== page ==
The Power of Place – Rulers and their Palaces,
Landscapes, Cities, and Holy Places
By David Rollason
Princeton University Press – £37.95
A book that essentially explores the very nature of power; but not from the premise one might initially and immediately surmise as being hinged upon greed, death and destruction – but rather, power through that of kings, assorted popes and emperors.
Indeed, David Rollason does a whole lot more than merely grapple with the prism of power’s trajectory.
From cities to palaces, from landscapes to holy shrines, from burial places to naturally, inauguration and archaeological sites, The Power of Place is a wide-open geographical canvas. Not only does it start at the first century and ultimately reach the sixteenth, it ranges across the whole of Europe – from Prague to Palermo, Seville to the Oslo Fjords. And it does so by way of a culmination of varying disciplines that is admittedly anchored in archaeology, although the book as a whole, is (also) made up of historical and literary studies, architecture, landscape and the history of art.
Along the way, Rollason delves deep into the actual analytical development of power, and everything that that might entail.
In the book’s wide-ranging Introduction for example, he writes: ”The book’s practical aim is to provide a sort of handbook to how sites created or modified by rulers can yield essentially historical conclusions about the nature of their power, or at least about the power they were claiming to possess. It guides readers around the sites in question, or sometimes around the artistic and literary representations of such sites in as hands-on a way as is possible without actually taking readers in person to these places. The book attempts to draw to the attention of readers the individual features of these sites, always striving to extract from them the historical conclusions about rulers’ power which they might be perceived as offering. It supports descriptions of the sites with as lavish a collection of photographs and diagrams as has been possible. These are often labelled, and always fully captioned, so that they are an essential part of the fabric of the book.”
To be sure, the centre of this work consists of twenty-four pages of high-quality, colour plates, whilst throughout its 390 pages (not including a List of Illustrations, Research and Reading, References, Illustration Credits and Index), there is an abundance of black and white photographs, reproductions and diagrams, all of which, as the author has written, is fully described and captioned.
Moreover, one of the aspects I found most interesting, was chapter six (‘Cities, Planning, and Power’), which, from the ground up, alerts the reader to the degree with which power, planning and a lot of the development thereof, has always quintessentially been combined throughout the ages. In this particular instance, be it The Palace of the Normans in Palermo (Sicily), The Simwell Tower in Nuremberg (Germany), The Royal Palace and St. Vitus’s Cathedral in Prague (The Czech Republic), The Alhambra in Granada (Spain), or indeed or the White Tower section of the actual Tower of London.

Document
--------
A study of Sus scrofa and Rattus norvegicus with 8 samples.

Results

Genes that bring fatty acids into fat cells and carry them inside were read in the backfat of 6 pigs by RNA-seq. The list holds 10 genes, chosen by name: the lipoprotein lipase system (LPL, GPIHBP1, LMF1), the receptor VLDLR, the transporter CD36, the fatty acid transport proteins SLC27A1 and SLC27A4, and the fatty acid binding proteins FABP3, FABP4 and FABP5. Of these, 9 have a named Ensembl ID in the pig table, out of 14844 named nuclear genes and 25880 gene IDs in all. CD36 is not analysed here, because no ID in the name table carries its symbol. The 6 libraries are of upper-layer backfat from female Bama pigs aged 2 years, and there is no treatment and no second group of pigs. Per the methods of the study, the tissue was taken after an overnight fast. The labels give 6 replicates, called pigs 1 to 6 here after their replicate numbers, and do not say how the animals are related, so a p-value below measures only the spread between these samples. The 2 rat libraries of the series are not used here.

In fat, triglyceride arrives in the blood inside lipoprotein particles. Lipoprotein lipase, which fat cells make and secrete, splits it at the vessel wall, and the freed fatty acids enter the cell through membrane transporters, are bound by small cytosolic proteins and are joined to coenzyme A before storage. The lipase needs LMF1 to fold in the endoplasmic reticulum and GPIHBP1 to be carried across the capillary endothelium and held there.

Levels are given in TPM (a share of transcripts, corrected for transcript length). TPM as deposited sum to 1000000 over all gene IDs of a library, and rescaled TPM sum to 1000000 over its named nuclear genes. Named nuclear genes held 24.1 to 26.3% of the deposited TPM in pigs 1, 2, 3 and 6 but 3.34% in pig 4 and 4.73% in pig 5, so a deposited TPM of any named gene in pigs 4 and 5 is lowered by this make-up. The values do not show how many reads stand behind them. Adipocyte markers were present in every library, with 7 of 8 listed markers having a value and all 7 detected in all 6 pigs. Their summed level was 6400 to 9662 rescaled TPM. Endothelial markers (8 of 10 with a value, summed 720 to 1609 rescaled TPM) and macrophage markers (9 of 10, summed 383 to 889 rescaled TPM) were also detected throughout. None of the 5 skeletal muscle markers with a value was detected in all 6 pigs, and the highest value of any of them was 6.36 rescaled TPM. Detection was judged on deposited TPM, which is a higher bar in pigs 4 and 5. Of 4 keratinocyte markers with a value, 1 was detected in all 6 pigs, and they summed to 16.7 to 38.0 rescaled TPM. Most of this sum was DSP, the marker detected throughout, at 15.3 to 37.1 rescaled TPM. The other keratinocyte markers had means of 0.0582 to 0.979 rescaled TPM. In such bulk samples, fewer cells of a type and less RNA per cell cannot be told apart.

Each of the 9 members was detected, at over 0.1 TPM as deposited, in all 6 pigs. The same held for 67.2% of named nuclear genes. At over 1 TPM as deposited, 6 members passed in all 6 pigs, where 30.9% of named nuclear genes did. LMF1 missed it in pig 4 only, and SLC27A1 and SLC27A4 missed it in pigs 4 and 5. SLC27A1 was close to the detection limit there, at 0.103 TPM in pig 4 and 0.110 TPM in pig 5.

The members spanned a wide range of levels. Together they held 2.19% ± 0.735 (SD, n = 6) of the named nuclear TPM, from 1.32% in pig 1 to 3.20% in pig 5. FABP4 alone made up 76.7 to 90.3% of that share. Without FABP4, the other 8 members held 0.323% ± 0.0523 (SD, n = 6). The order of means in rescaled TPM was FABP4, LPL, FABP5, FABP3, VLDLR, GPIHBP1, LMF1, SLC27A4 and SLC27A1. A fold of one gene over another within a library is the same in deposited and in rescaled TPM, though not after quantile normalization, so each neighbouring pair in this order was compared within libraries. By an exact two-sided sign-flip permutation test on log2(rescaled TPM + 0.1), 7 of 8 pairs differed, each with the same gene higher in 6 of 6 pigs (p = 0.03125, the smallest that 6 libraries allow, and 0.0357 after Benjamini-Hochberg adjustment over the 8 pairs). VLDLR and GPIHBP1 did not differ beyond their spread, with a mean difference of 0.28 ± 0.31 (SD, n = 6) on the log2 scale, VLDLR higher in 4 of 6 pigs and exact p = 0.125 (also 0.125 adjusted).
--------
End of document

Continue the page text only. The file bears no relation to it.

Rollason – who is professor emeritus of history at the University of Durham and whose previous books include Early Medieval Europe 300-1050: The Birth of Western Society and Northumbria 500-1100: Creation and Destruction of a Kingdom – fundamentally addresses as much at the outset of the chpter: ”For a city to have been planned in a consistent, regular way, perhaps with a rectangular grid layout of streets, must always have been a means of conveying a message relating to the power of the individual responsible for the planning. Where that was the ruler, then the message pertained to his efficacy in achieving the planning in question and the power that had made it possible for him to secure its execution. Regularity of the plan, however, may not have been the only means by which cities could convey messages of power. The relative heights of the different elements in them – where, for example, the ruler’s palace was at the highest point of the city – could equally have conveyed a message of power, relating to the ruler’s hierarchical dominance over his subjects in the lowest part of the city. The choice of site for the city could then have been of particular importance when it came to siting its various elements in relation to one another.”
I would access The Power of Place – Rulers and their Palaces, Landscapes, Cities, and Holy Places as essentially being something of a work of love. A work that is as equally inviting as it is interesting, ambitious as it is appealing, persuasive as it is at times perplexing.
Exceedingly well put together, it is, as fellow professor emeritus of history at Newcastle University, R. I. Moore has since described it: ”A work of considerable learning and precise scholarship, The Power of Place demonstrates how rulers supported and extended power through the places from which they exercised it. I know of no other book that brings together this topic in such a comprehensive, systematic way. The book’s breadth, accessibility, and illustrations make it attractive to a wide audience.”